What I would like to do is to close a transistor while the sound is playing, which will then close the circuit on a few LEDs. This will cause the LEDs to light while the sound is playing, and then turn off.

After finally finding the pin-out explanation there, I see that it has an ACT[ivity] pin which signals when audio is playing. While the board is on, the pin normally sits at roughly 3.35V, and then when the sound plays, the voltage drops by around 2 - 2.5 V. I see no change in amperage across the pin while the sound is playing.

As I understand it though, transistors switch when a positive voltage is applied to the base/gate. So I'm not sure what to do here. Is there a way to switch the transistor in such a way that when the ACT pin is sitting at 3.35V the transistor is open, and then closes when the applied voltage drops?

I tried to google on this, but all the articles and pages coming up have to do with the voltage drop across the transistor, nothing about switching the transistor based upon a voltage drop.

Below is the segment of my circuit I am trying to figure out at this point...

schematic

simulate this circuit – Schematic created using CircuitLab

Originally, I was planning on using the second speaker output on the board to switch my transistor, but that seems to have a constant voltage and amperage whether it's playing or not. Then I found the board's pin-out and the ACT pin, so I'm trying to make this work off of that now.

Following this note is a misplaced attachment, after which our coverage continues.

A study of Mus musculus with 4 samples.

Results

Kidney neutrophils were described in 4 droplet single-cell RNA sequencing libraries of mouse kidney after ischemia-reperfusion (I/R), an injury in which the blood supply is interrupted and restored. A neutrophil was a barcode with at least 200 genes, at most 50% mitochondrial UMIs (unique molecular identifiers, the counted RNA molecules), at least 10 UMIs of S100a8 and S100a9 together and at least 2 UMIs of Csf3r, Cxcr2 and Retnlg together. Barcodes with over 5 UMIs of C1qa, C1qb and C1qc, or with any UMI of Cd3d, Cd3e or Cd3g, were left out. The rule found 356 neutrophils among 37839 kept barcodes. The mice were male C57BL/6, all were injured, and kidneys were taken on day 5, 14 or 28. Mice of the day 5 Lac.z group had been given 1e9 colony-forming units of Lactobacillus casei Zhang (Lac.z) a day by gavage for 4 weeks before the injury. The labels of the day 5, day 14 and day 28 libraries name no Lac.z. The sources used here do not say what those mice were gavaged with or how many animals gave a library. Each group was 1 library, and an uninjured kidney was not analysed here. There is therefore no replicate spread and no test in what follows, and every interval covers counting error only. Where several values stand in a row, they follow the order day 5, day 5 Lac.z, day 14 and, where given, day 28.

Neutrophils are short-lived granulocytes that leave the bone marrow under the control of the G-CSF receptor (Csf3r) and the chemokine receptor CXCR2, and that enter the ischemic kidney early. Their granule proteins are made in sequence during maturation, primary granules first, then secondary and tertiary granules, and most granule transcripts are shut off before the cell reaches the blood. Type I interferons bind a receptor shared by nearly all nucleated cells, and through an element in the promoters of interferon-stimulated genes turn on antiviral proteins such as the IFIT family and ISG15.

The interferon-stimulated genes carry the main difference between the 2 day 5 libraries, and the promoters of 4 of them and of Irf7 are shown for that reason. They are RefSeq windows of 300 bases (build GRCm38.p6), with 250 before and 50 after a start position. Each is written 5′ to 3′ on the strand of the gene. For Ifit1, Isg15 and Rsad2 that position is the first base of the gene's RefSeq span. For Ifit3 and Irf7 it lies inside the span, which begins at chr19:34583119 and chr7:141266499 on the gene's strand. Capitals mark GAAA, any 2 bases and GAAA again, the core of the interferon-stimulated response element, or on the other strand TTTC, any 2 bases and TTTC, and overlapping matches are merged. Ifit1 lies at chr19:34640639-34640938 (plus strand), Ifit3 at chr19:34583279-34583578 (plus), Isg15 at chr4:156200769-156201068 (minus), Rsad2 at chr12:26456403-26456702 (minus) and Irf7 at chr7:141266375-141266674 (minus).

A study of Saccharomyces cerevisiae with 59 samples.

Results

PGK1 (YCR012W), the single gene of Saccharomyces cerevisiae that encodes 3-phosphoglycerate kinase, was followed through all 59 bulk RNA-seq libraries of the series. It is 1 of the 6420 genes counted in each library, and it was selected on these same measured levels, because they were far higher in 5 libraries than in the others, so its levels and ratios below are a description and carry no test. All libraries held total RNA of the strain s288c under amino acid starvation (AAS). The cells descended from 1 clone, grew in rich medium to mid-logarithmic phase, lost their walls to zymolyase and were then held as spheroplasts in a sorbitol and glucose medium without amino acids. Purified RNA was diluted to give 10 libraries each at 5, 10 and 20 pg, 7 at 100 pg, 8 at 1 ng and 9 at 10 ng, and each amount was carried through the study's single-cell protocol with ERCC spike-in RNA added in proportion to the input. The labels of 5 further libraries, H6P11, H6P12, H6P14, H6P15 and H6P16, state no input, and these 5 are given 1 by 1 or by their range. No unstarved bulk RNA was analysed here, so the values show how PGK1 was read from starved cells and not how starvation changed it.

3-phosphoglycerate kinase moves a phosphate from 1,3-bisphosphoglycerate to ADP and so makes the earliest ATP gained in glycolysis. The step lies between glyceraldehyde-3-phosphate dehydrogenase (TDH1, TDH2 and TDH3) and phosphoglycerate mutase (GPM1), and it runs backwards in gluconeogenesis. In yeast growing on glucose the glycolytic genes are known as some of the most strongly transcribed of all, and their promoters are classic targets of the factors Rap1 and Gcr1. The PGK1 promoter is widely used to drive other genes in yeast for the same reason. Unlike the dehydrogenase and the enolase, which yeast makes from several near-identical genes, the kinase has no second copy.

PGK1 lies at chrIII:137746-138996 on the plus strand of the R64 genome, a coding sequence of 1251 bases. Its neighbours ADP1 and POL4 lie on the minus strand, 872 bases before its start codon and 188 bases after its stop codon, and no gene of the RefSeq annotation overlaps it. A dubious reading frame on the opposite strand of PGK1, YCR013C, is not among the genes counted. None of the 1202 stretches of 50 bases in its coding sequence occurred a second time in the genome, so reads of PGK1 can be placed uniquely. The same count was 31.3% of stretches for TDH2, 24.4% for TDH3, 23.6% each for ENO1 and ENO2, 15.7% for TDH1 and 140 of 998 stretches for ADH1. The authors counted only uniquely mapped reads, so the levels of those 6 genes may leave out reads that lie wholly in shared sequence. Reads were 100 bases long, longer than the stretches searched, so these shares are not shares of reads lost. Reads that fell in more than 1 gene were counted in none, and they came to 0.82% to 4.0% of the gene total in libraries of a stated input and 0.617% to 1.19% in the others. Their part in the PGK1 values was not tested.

• \$\begingroup\$ @jramsay42 that would be a PNP transistor? So far the handful I've been experimenting with are all NPN. For this usage, I should switch to a PNP? PNP transistors also, need to go up-stream from my LEDs, correct? \$\endgroup\$ – eidylon Feb 28 '18 at 4:40
  • \$\begingroup\$ I'm not sure exactly what you are doing without seeing a schematic but yes a PNP BJT will turn on if you bring the base below the emitter. I mentioned FETs rather than BJTs just because they are more common in switching applications. \$\endgroup\$ – jramsay42 Feb 28 '18 at 4:47

All I actually had to do was run the LEDs from voltage, to the ACTivity pin on the soundboard, and it did exactly what I wanted it to do.


Add a DC block, i.e. a capacitor in series with the output. It might be enough, but if you want to be sure, just connect some high enough resistor from the outside of the cap to the ground. This way if no music is playing you get 0V. If music is playing you will get the amplitude. As long as the amplitude is high enough, i..e higher than the threshold voltage of the transistor, the LEDs will shine. You can add a comparator between the cap and the transistor, which would allow you to tweak the point where the transistor starts to conduct. It has the another advantage that the switch - transistor in this case - will be driven with the "correct" binary voltages (on/off).